Sizing the trunk line is a fairly complicated question, as it depends on pretty much all the other parts of a long-draw system. However, there are some simplifications that can be made, and at the end of the day this is not rocket science. The goal is just to have the system in balance so that the beer flows at a good rate and doesn't foam too much. So, how do we achieve that?

Please note that we will focus on selecting the right product line size (finding the right interior diameter of the beer line). Selecting the amount of product lines is easier: it's just a matter of how many beers you want on tap. Do note that this affects the number of glycol lines (trunk lines with 10 or more product lines have 2 glycol loops) and that in turn affects the glycol chiller sizing. You can read more on that in the trunk line collection page instructions.

Beer line diameter

Generally, the longer the total run, the larger the diameter of the product lines needs to be. We have three sizes (from smallest to largest):

  • 1/4" (64 millimeters) Inside Diameter (I.D)

  • 5/16" (79 mm) I.D

  • 3/8" (95 mm) I.D.

The smaller the diameter of the product line, the more restriction the line has (more pressure is needed to push the beer through the line). This is important to note when doing the calculations for the total balancing of the system.

Balancing the system: keg pressures

Beers need to have a right amount of CO2 pressure in the keg to maintain the right level of carbonation. This is measured by CO2 volume: for a keg of beer, how many uncompressed keg volumes of CO2 are compressed into the beer? This amount varies by each beer type, being usually between 2.2 and 2.8 volumes of CO (but can be anything from 1.2 to 4.2 for specialty beers). The right amount is specified by the breweries per each beer. The gas pressure questions can get really complicated, so for the purpose of just selecting the right trunk line, we are going to assume some pressure numbers in the later examples.

Balancing the system: flow rates

In order for the beer flow at the right rate (about 1 gallon per minute, 8 seconds to fill a pint) and without foaming too much, the system needs to have the right amount of restriction: the gas pressure applied to the beer needs to equal the total amount of restriction in the system. Different beer types need different amounts of CO2, and with more CO2, the gas pressure grows. If there is too much pressure, and too little restriction to balance out that pressure, the beer comes out of the foamy. If there is too little pressure vs. restriction, the beer may not flow fast enough.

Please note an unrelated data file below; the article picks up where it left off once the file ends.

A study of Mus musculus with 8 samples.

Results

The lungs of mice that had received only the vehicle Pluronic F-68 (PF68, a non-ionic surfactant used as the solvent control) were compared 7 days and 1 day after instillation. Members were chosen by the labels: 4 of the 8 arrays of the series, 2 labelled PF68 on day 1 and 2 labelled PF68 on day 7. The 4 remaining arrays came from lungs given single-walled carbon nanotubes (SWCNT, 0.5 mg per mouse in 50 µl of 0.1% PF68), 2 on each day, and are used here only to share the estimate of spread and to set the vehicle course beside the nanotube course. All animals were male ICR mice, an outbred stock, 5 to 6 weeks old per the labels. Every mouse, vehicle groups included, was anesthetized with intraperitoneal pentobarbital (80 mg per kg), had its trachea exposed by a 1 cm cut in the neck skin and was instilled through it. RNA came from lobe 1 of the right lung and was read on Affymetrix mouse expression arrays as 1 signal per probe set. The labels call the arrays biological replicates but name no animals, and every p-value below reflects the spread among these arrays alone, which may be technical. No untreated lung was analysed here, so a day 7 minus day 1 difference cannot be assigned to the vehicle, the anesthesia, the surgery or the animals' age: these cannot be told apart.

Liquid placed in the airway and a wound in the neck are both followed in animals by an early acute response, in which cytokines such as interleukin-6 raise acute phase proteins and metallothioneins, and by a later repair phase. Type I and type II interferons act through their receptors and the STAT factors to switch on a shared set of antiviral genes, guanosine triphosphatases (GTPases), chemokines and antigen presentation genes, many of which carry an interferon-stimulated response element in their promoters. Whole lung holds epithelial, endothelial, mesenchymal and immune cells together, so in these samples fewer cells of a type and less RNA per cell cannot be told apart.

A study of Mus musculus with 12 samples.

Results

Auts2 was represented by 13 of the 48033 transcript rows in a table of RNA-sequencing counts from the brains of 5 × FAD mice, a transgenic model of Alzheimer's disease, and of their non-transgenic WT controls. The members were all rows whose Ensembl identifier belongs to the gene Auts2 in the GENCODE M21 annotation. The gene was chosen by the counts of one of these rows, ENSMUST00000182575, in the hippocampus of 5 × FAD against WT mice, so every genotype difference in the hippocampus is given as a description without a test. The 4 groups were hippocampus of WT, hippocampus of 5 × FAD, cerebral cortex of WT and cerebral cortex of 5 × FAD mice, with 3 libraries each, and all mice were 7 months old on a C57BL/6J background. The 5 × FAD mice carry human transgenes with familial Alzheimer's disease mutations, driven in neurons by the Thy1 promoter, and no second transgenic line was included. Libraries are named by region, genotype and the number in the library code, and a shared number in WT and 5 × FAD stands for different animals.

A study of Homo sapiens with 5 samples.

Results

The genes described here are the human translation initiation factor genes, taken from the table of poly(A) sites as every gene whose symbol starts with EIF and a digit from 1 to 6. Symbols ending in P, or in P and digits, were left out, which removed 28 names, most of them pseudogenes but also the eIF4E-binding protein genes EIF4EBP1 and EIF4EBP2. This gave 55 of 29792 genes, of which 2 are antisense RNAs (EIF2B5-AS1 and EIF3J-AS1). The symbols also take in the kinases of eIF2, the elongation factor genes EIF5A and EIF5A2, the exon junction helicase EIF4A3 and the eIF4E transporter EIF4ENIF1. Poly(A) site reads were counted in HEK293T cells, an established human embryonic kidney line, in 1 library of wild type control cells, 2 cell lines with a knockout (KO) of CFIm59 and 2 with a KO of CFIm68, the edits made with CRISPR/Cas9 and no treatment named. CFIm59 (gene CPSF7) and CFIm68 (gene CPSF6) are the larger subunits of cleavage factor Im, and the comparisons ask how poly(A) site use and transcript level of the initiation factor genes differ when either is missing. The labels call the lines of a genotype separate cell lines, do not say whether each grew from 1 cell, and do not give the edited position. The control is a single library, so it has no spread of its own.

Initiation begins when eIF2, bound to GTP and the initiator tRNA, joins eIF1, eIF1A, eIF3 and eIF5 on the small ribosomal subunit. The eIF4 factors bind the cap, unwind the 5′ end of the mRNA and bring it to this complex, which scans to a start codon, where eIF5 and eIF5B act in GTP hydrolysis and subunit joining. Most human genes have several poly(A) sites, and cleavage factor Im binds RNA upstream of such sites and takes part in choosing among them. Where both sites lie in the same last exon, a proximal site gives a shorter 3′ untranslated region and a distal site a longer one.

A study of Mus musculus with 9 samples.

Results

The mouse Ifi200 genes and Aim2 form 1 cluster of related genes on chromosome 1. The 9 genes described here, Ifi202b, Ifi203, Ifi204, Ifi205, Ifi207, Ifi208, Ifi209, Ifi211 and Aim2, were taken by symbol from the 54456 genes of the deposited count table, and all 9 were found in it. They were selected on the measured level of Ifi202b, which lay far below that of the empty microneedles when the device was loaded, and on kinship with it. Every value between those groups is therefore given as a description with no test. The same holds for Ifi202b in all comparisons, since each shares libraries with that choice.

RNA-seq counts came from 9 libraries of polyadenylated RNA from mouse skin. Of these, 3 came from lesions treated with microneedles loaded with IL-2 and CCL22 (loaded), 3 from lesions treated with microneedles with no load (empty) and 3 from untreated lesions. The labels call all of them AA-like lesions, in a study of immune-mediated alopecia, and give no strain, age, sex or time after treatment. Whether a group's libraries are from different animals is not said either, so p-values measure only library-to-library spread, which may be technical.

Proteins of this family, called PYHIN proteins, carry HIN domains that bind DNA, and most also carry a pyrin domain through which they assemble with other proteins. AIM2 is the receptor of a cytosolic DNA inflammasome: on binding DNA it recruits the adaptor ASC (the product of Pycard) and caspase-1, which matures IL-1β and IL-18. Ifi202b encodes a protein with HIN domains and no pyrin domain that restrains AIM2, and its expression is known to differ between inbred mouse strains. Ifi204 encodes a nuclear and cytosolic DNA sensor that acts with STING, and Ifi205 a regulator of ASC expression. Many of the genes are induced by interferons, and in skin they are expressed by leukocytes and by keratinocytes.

While the keg pressures can be altered a little bit to change the flow rates, this will quickly cause other issues. That's why in system design the keg pressures should be assumed to be constant. The systemic resistance needs to be matched to the keg pressure, not the other way around.

Systemic resistance factors: static and dynamic resistance

There are two types of resistance: static and dynamic. Static resistance basically mean gravity: if the dispensing station is lower than the kegs, then the static resistance is negative. If the serving station is higher than the kegs, then the static resistance increases. If the line goes up and down the same amount, the ups and downs equal themselves out. Each foot of increased height will add about 0.5 pounds of resistance to the system.

In long-draw system, the total resistance mainly comes from Dynamic resistance. It means the internal resistance from the beer system hardware, mainly the beer lines. The total beer line usually consists of 3 parts:

  1. The jumper inside the walk-in-cooler (usually about 6 feet of vinyl tubing)

  2. The trunk line, running from the walk-in-cooler to the tower

  3. The choker, short small diameter line, usually 3/16" (48mm) I.D vinyl tube

The product lines in towers are usually 3/16" I.D vinyl, acting as the choker line. Couplers and other parts of the system usually have resistance values of practically zero.

The choker is the "final piece of the puzzle" that is used to fine-tune the total resistance to the optimal number. As the 3/16" vinyl line has such high resistance, it is easy to increase or decrease the total resistance by varying the length of the choker. Most of the UBC towers have 5-6 feet of 3/16" I.D vinyl line as the product line. The right amount of resistance can be had by first selecting a trunk line with amount of resistance that's close to target amount, and then cutting the tower product line to right length.

When you add up the static (gravity) and dynamic (beer lines and other hardware) resistance numbers, you get the total systemic resistance amount. This is what needs to match the applied keg pressure.

Mixed gas systems and beer pumps

There is a limit to the total run lengths that can work with CO2 alone. Long runs require more gas pressure to move the beer over the distance, and just adding CO2 pressure leads to over carbonation of the beer. There are two solutions: either the gas mix for the beer needs to be changed (by adding nitrogen), or with really long runs, the beer can be pumped by mechanical force (using a beer pump). These solutions add more complexity to the system, and those details are a topic for another blog post. For now we are just going to use some ready-calculated numbers in the part 2 of this blog post: the calculation examples.